September 20, 2005

Retour de la Marche'

This Saturday table is typical- too much food bought by hungry eyes at the weekly market at Nerac. Tricia Robinson (Taste of Provence) trains over from Nice for a Gascon weekend and we celebrate the first fall oysters, cheese from Salers, a jambon glacee, pate de canard, ripe figs, a decent loaf of bread. What a good life! Saturday chores were never like this.

September 12, 2005

Gascon Alarm clocks- 'coin, coin'

A series of taps on the steel side of this old boat. The morning alarm clock on the Julia Hoyt floats by in the guise of a flotilla of ducks cleaning the moss off of the hull. September waits for no lazy bones and there is much to do here at Camont in Southwest France: mushrooms to gather, grapes to harvest and the last and sweetest tomatoes to gather in from the potager. All of Gascony buzzes around me, a hive of harvest activity this month in my Long Village.

I walk Dupont along the driveway wide road that leads to Camont and hail my neighbor working in his potager.
‘Bon Jour! Vous avez encore des haricots verts?’
‘Beh, oui et plus!’

My fast walk turns into a weight lifting session as I struggle home under a fruit box full of a lettuce, two giant beets, three eggplants, a red pepper and hand handful of fennel flower full of the fragrant Pollen that la Diva in Tuscany calls Magic. Oh… and a couple kilos of haricots verts.
It is easy to cook here in Gascony. Easy to celebrate our ‘daily bread’ and inspire a new generation to cook, really cook with what's at hand. Good food in the French kitchen.

September 03, 2005

Grassroots movements a foot

Pilgrims on foot to Santiago de Compostello in western Spain stretch across many roads and paths here in southwest France. These are their last steps across gentle hills before arriving at the Pyrenees passes and the long stretch of one well-trodden route to the holy field of stars. I have longed planned to join their blistered ranks but the sacred daily living in my home sweet Gascon home keeps me focused on closer goals.

Just thirty minutes away from the French Kitchen a holy pilgrim site tumbles down an ancient river valley escarpment to a cluster of former fishermen houses called le port. This split-level village of Auvillar on the banks of the Garonne straddles the GR65 (Grande Randonnée soixante-cinq). Marked with the familiar red and white stripes, the walking trail follows medieval roads and tracks southwest across France—le chemin de St. Jacques de Compostelle. Auvillar, one of the plus beaux villages de France, is indeed a lovely stop along the long trail. In the upper village or alta villa, a coin-shaped grain hall shelters a modest Sunday morning market. Careful brick architecture arcades around the market place as artists, antique shops, a modern calligrapher, a very good restaurant and several cafés, a pottery and a bargees museum crowd the panoramic site. I often come to eat Serge Francois’ very good cooking at L’Horloge, but find myself spending more and more time at the bottom of the very steep road that leads from le port.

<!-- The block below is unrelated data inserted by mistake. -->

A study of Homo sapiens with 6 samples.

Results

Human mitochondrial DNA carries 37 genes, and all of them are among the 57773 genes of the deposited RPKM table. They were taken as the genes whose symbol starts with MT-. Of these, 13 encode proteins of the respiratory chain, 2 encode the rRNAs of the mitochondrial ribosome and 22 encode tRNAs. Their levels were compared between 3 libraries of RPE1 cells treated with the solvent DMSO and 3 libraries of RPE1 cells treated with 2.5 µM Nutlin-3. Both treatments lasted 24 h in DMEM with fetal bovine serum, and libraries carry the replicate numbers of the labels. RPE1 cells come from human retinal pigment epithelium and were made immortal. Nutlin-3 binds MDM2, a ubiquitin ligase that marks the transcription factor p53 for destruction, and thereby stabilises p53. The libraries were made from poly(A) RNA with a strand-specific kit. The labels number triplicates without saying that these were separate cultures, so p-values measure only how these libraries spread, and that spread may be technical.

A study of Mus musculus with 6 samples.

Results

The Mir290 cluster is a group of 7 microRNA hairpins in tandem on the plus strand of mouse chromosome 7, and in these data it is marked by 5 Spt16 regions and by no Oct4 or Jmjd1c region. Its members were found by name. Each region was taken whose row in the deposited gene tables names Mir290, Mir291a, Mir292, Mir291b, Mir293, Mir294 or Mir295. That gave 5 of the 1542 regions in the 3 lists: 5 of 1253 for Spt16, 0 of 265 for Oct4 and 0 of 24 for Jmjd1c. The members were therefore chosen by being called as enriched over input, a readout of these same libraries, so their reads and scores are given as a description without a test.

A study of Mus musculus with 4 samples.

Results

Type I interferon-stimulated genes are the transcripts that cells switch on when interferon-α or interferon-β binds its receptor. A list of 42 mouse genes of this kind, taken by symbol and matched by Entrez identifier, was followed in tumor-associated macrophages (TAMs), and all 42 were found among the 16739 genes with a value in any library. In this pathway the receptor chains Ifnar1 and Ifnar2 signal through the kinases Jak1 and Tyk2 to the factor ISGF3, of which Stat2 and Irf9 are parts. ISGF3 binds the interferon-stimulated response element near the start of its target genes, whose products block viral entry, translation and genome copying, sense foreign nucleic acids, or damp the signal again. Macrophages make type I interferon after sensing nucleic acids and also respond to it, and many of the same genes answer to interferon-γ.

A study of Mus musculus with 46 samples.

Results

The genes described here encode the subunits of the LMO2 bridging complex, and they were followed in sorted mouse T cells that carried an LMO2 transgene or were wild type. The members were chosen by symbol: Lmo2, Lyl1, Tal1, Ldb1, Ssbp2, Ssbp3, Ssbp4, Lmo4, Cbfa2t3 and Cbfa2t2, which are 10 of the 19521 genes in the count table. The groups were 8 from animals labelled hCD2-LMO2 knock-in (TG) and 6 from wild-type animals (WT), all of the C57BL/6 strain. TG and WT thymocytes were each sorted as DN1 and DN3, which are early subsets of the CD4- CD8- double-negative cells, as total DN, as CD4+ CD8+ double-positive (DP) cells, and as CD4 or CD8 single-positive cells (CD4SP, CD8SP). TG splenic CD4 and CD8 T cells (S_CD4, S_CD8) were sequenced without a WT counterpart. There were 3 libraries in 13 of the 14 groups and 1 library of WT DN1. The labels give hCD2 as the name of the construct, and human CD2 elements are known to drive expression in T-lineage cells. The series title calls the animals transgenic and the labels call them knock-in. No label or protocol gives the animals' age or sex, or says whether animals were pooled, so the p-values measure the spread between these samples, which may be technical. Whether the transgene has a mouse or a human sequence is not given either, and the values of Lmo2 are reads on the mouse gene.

It’s been more than a century since the Garonne was navigable here, but the memory of an active fishing fleet and cargo port lingers: A house perched just steps from the shallow banks of the Garonne is called La Crue, the Flood; A newly restored building housing the Virginia Center for the Creative Arts retreat studios is called the Moulin a Nef in honor of the floating mill once anchored in mid-river; and just next door is the object of my particular affection—a tumble of flat Roman bricks supporting a solitary bell, The Chapel of St. Catherine du Port.

Beginning with just one piece of fruit, Priscilla Randall intuitively lives up to her initials and has generated a public relations plan sweet enough to eat. An American friend and renowned landscape architect, Priscilla lives across from the sad little chapel. She invited me to lunch one day to discuss her summer plan for helping save the 14th-century frescos now hidden in the decaying brick building. Too unsafe to enter, she shows me photocopies of the faint frescoes, early heraldry of the village, and a cross and anchor insignia in a rose window. If ever I could adopt a cause, it was this one! A riverside church for ancient bargemen named after my patron saint!

As crafty as a Yankee Tom Sawyer, Priscilla enlisted my help I think as as much to white-wash my soul as to paint the holy fence. Over a glass of delicious melon soup she had made from cookbook, P.R. managed to enlist me in helping launch a grassroots campaign to focus attention on the frescoed chapel’s deplorable state. She took me out back to show me her opening gambit. A makeshift fruit stand, offering a delicious tongue in cheek pèche effacente pêche—‘sin erasing peaches’. As close to selling indulgences as she could get. Each perfect juicy height-of-the-summer season pale pink peach was 65 centimes- a bargain for the dozens of weary pilgrims stopping to admire the history of the way as they stayed at the nearby gite d’etape. A modest contribution to their soul saving as well as to new roof tiles.

By nature, grassroots movements are slow but invasive. Priscilla’s personal efforts to engage the pilgrims in contributing, no matter how small the cost, has now led us to dedicate November 25th, St. Catherine of Alexandria’s feast day and the traditional time to plant fruit trees in France. I volunteer to cook a fundraising lunch when we a plant a tree to launch the serious "Several Thousand Euro Project" to restore the 10th-century building and it’s frescoes. From one peach to a one-hundred-Euro-a-plate lunch to the necessary paperwork and French grants is as simple a plan as putting one foot in front of the other to walk a thousand miles.